LAWYER, LEGISLATOR, GROUNDBREAKER
The face of a groundbreaker can be a familiar one. You may have sat next to her in class, perhaps eaten lunch together or maybe she ran the movie projector for one of your class films to help put herself through school. Meet Betty Stagg Nuovo '53 (education), groundbreaker.
Nuovo has followed the road less traveled since her Bucknell days. She was among the legislators who first legalized gay marriage in Vermont, tried to pass an Equal Rights Amendment and helped write the state's child support law.
Nuovo cites a trip around the world and living in India for eight months with her husband and two young children in the 1960s as a key inspiration. "It expanded my horizons, was different than anything I'd seen before, including the grinding poverty of the people," she says.
After her Bucknell graduation and teaching work, Nuovo became involved in the League of Women Voters, which ultimately led to a career change. She bypassed law school and read the law on her own, "like Lincoln," she says, with her husband's encouragement and the help of a mentor lawyer in Vermont. Nuovo passed the bar in 1974, then went on to open her own law practice the same day she took her oath. Among her fondest memories from her lawyering years is meeting President Jimmy Carter in 1979 with the Democratic delegation from Vermont. "I had breakfast in the Senate dining room, had rice and beef stew for lunch and I actually touched the president," Nuovo remembers.
While running her own law practice, Nuovo went on to win a seat in the Vermont Legislature, where she has been for 25 years now, with a brief four-year hiatus when she went back to work in her law practice. "The whole place was Republican," she explains, so she decided to shake things up and run. She hasn't stopped since. "I'm not going to retire. People should not retire," she says. "It keeps me alive."
- Bucknell to host 'Engineering Design Exposition' Dec. 9
Bucknell University will host the seventh annual Engineering and Science Education Exposition on Monday, Dec. 9, from 7 to 8:45 p.m. in Larison Dining Hall.
- Faculty stories: Meet Bucknell’s newly tenured professors
Bucknell's 16 newly tenured associate professors specialize in fields across the College of Arts and Sciences and the College of Engineering. Learn more about their research and teaching.
- Meet our new full professors
Ten recently promoted full professors describe what interests them, what inspires them and why they teach at Bucknell.
- 'Design Exposition' Dec. 3
Bucknell University will host the seventh annual Engineering and Science Education Exposition Dec. 3, from 7 to 8:45 p.m. in Larison Dining Hall.
- Meet our new associate professors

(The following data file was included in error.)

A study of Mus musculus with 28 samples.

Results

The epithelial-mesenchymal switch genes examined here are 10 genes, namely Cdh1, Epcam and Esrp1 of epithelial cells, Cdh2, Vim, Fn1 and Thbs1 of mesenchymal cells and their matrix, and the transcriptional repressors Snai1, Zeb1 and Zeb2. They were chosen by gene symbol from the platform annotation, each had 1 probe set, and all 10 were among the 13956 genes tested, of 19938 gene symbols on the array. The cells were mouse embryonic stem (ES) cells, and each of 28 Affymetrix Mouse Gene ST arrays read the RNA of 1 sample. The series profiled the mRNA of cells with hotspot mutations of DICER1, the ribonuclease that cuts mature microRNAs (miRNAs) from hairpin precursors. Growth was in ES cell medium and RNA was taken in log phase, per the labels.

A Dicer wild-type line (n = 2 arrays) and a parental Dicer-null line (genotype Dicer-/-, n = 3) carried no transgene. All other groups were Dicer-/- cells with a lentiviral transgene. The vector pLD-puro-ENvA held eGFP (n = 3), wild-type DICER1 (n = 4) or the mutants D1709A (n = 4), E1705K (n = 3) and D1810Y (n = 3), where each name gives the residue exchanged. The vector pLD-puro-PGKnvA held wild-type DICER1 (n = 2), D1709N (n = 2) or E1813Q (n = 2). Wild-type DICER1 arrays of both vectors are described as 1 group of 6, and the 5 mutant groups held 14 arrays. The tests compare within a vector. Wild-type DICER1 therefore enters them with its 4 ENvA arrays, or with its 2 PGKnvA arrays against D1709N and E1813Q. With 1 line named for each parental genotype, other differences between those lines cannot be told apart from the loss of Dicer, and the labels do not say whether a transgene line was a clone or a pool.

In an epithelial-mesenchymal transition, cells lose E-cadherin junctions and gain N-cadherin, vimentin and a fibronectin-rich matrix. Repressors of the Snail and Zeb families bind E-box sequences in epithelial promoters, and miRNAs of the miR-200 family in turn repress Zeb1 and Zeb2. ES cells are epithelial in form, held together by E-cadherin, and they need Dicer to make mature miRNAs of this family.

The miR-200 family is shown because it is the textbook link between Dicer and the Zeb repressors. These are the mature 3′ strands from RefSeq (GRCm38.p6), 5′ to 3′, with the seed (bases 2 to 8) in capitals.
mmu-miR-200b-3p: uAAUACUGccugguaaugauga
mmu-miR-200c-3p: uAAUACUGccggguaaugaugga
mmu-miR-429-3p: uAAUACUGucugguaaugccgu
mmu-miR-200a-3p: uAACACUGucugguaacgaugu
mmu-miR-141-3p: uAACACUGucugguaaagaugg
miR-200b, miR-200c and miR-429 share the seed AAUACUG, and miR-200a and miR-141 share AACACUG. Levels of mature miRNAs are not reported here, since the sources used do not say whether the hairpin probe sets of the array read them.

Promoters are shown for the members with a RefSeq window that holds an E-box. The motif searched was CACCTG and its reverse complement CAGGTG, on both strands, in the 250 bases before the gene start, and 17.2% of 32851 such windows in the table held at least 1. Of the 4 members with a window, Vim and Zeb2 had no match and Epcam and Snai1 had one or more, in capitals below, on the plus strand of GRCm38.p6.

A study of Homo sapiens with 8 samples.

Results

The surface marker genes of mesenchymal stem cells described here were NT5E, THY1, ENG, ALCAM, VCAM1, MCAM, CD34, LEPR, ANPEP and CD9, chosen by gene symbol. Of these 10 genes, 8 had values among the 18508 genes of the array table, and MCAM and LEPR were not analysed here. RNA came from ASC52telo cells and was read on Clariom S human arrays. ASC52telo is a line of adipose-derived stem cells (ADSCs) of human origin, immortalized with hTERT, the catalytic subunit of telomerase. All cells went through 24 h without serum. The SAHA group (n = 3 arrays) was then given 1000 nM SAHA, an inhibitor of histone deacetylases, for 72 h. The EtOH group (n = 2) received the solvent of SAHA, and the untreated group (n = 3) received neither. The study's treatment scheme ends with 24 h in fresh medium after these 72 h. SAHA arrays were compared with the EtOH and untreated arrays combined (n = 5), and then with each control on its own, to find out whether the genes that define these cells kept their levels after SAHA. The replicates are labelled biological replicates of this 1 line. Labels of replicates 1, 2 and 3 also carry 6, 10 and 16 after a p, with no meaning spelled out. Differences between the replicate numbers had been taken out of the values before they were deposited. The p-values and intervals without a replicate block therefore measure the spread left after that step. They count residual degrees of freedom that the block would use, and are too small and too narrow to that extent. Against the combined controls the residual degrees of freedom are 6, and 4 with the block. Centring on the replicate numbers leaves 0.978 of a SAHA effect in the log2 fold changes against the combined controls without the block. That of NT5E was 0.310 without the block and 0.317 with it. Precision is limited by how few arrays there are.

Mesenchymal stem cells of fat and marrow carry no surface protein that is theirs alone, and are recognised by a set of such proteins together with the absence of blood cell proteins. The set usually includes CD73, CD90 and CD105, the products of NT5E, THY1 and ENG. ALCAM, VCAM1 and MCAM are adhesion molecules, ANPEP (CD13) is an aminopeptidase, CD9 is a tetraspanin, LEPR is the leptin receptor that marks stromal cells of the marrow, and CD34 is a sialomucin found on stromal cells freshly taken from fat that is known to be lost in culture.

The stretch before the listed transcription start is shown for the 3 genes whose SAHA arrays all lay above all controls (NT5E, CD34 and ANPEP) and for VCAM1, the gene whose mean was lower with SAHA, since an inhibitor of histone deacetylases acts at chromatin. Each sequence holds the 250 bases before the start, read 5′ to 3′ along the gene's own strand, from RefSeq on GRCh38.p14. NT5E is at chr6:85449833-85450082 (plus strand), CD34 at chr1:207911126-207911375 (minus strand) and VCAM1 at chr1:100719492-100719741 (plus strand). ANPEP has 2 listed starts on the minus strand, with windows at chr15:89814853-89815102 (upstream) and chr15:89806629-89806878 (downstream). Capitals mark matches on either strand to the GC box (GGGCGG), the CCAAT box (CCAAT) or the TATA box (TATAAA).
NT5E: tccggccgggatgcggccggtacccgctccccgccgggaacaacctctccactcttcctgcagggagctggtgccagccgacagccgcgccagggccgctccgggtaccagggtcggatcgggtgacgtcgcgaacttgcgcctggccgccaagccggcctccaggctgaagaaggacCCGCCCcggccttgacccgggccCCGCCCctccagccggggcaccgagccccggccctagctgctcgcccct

Sixteen recently tenured or promoted associate professors talk about what led them to pursue their fields and what inspires them as teacher-scholars.
- Kathleen Hannon Aikenhead '69, P'01
As president of the William H. Hannon Foundation and chair of the Board of Trustees at Loyola Marymount University in Los Angeles, Kathleen "Kathy" Hannon Aikenhead '69, P'01 focuses most of her efforts on making it possible for students to afford an education.
- Bucknell faculty honored at ASEE conference
Several members of the Bucknell University faculty were recognized at the annual American Society for Engineering Education (ASEE) conference in San Antonio recently.
- Pool Pass fundraiser nets $2,500; applications available
Bucknell University students and LARA collaborated on their third annual fund-raising project in memory of two local children who drowned in the Susquehanna River in August 2009.
- Students, LARA, host pool pass fundraiser April 22
Bucknell University students are working with LARA on a fun run/walk and Zumbathon fund-raising project in memory of two local children who drowned in the Susquehanna River in August 2009.
- Name, technology connect Bucknell students with Virginia elementary school
Bucknell University students hope to inspire, learn from elementary school students in Virginia
- Ask the Experts: Lori Smolleck on improving science education through inquiry-based teaching
Lori Smolleck, assistant professor of education, discusses how to improve science education through inquiry-based teaching.
- Meet Bucknell's new full professors
Seven recently promoted faculty members talk about what led them to pursue their fields and what inspires them as teacher-scholars.
- Carolyn Pisano Rue '88
Carolyn Pisano Rue '88 left the business world after 16 years and three children and started volunteering. "Probably too much," she admits. "But I wanted to do something." She just wasn't sure what. It was when Rue and her friend Jackie DeMarco started taking cooking classes an hour away from their Fair Haven, N.J., homes that inspiration struck.
- Professor: Solitude, reflection tied to college success
Studies have shown that students who are engaged in and out of the classroom learn more through hands-on experiences. But taking time in solitude to reflect is just as important, says Joseph Murray, an associate professor of education.
- Summer research projects span arts, sciences
Bucknell University students will pursue nearly 60 research projects this summer covering a variety of academic disciplines in the sciences, the humanities and engineering.
- Student leads tutoring program for low-income
Sophomore Julie Kohn pairs individuals in the Susquehanna Valley seeking GEDs with one-on-one tutors from Bucknell.